Love Yourself for a Healthy Mind
Updated: Apr 11, 2020
Self esteem and confidence play a huge role in your mental health. Finding stability, buildling self esteem and learning to trust yourself are hugely important to the functional wellbeing of your mind.
The origins and depths of mental health issues relating to self confidence can vary hugely among different people, ages, genders and weights. What is clear from the scientific evidence is that changing one's self imagery is difficult alone. With the help of a professional using evidence-based techniques and discussion points, it is certainly possible to increase one's self-confidence and efficacy.
"We have to learn to be our own best friends because we fall too easily into the trap of being our own worst enemies." - Roderick Thorp
BMI, Confidence and Mental Health - the Relationship
In 2007, McLaren et al. (1) took the data from a validated mental health study that included 5383 people. They dissected the data to measure the relationships between BMI and various types of mental health problems. Many of the results were not significant or conclusive. Generally there were relationships between BMI and mental health as to be expected, but no clear correlation across gender and age groups.
The results for men varied by age group, but can be summarised as: increased BMI relating to:
For women, an increased BMI related to:
Interestingly, overweight and obese men were less likely to be depressed than normal weight men, and underweight men were more likely to have Anxiety Disorder. This suggests and confirms that men and women treat their body weight and image very differently. Potentially, women see overweight and obesity as bad and get anxiety as a result, whereas men see it as potentially having been normalised, and therefore are ok with the weight gain despite the health related issues. #obesity #overweight #weightgain #weightloss
In 2010, Ali et al. (2) looked at the differences between actual body weight and perceived body weight on mental health in young people. They found no relationships between actual body weight increasing and mental health issues increasing. They did though find a significant relationship between a perception of being over weight and an array of mental health issues which were more pronounced in women.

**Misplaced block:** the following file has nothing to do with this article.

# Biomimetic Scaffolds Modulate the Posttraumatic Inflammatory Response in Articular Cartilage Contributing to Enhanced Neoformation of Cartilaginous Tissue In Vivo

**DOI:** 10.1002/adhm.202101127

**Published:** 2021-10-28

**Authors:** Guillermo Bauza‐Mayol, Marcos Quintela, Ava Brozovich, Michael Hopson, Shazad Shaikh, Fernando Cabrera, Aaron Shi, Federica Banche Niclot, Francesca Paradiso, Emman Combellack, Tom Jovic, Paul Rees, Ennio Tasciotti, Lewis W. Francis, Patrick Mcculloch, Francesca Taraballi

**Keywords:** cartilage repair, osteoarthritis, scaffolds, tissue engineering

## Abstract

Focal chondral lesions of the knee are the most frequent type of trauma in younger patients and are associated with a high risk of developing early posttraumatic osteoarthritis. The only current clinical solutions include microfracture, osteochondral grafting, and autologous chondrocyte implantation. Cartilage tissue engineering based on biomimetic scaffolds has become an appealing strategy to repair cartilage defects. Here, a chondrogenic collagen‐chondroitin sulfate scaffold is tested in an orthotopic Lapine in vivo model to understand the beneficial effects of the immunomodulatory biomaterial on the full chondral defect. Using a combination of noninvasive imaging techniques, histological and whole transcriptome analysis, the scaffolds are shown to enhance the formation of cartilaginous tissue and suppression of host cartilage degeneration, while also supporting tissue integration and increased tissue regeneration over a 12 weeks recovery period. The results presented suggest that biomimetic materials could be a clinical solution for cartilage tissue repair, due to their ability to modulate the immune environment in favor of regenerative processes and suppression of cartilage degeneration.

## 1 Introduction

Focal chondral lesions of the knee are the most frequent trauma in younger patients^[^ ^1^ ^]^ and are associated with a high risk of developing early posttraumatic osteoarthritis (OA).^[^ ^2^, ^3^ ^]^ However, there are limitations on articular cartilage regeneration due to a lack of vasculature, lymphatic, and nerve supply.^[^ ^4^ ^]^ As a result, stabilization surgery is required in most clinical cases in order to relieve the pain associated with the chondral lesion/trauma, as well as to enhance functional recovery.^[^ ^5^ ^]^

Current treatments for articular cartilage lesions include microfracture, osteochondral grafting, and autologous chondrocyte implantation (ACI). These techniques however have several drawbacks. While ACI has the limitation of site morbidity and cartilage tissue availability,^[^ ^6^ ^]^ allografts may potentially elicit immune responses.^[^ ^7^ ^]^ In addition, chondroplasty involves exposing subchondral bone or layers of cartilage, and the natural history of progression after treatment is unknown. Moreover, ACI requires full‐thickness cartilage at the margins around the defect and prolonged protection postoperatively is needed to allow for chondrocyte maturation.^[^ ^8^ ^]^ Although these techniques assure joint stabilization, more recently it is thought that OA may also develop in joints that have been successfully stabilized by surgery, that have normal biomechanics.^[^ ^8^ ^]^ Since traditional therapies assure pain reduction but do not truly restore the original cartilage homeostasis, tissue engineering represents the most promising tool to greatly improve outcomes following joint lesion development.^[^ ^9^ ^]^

Other studies have confirmed the causality of stigmatization for being overweight and mental health issues such as depression. These can be lifelong issues as shown by Herpertz et al., 2015 (3). The authors studied 771 young people, they found that eating disorders continued from young children to teenagers and young adults. After accounting for external factors, the study found eating disordered children more likely to be overweight, obese and depressed in later life.
The study showed that mental health and disordered eating in early life continues throughout life and is important to be spotted and helped as early as possible.
What is the Solution to Self Confidence Issues?
In 2004, Brown et al. (4) wrote a paper regarding Self Confidence Workshops, with an educational perspective. They found that of 70 participants randomly allocated to either an educational workshop, or a control group with no therapy. The education based self confidence lessons led to a significantly less depressed and less distressed group than the control.
Alleva et al., 2015 (5) found in a strong meta-analysis that 48 behaviour change techniques were used among the research papers studied. Some of the key behviour change techniques that were associated with small but significant improvements in body-image are:
Talk about thoughts and impact on body image,
teaching monitoring methods of thoughts,
changing negative body-language,
using imagery and visualisation,
exposure to physical body,
estimates of the size and importance of body image,
underlying causes of body image thoughts,
the consequences of the thoughts,
behavioural expressions relating to negative thoughts.
It is therefore apparent that even with the help of a professional, self confidence and other related traits can be difficult to change. Often changing the underlying issue can solve the problem itself that leads to the self imagery issues. That is worth seeking out and can make the changes lifelong and deeply present, rather than a seeminly mindful trick covering a serious issue.
1. McLaren, L., Beck, C. A., Patten, S. B., Fick, G. H., & Adair, C. E. (2008). The relationship between body mass index and mental health. Social psychiatry and psychiatric epidemiology, 43(1), 63-71.
2. Ali, M. M., Fang, H., & Rizzo, J. A. (2010). Body weight, self-perception and mental health outcomes among adolescents. The journal of mental health policy and economics, 13(2), 53-63.
3. Herpertz-Dahlmann, B., Dempfle, A., Konrad, K., Klasen, F., Ravens-Sieberer, U., & BELLA Study Group. (2015). Eating disorder symptoms do not just disappear: the implications of adolescent eating-disordered behaviour for body weight and mental health in young adulthood. European Child & Adolescent Psychiatry, 24(6), 675-684.
4. Brown, J. S., Elliott, S. A., Boardman, J., Ferns, J., & Morrison, J. (2004). Meeting the unmet need for depression services with psycho-educational self-confidence workshops: preliminary report. The British Journal of Psychiatry, 185(6), 511-515.
5. Alleva, J. M., Sheeran, P., Webb, T. L., Martijn, C., & Miles, E. (2015). A meta-analytic review of stand-alone interventions to improve body image. PLoS One.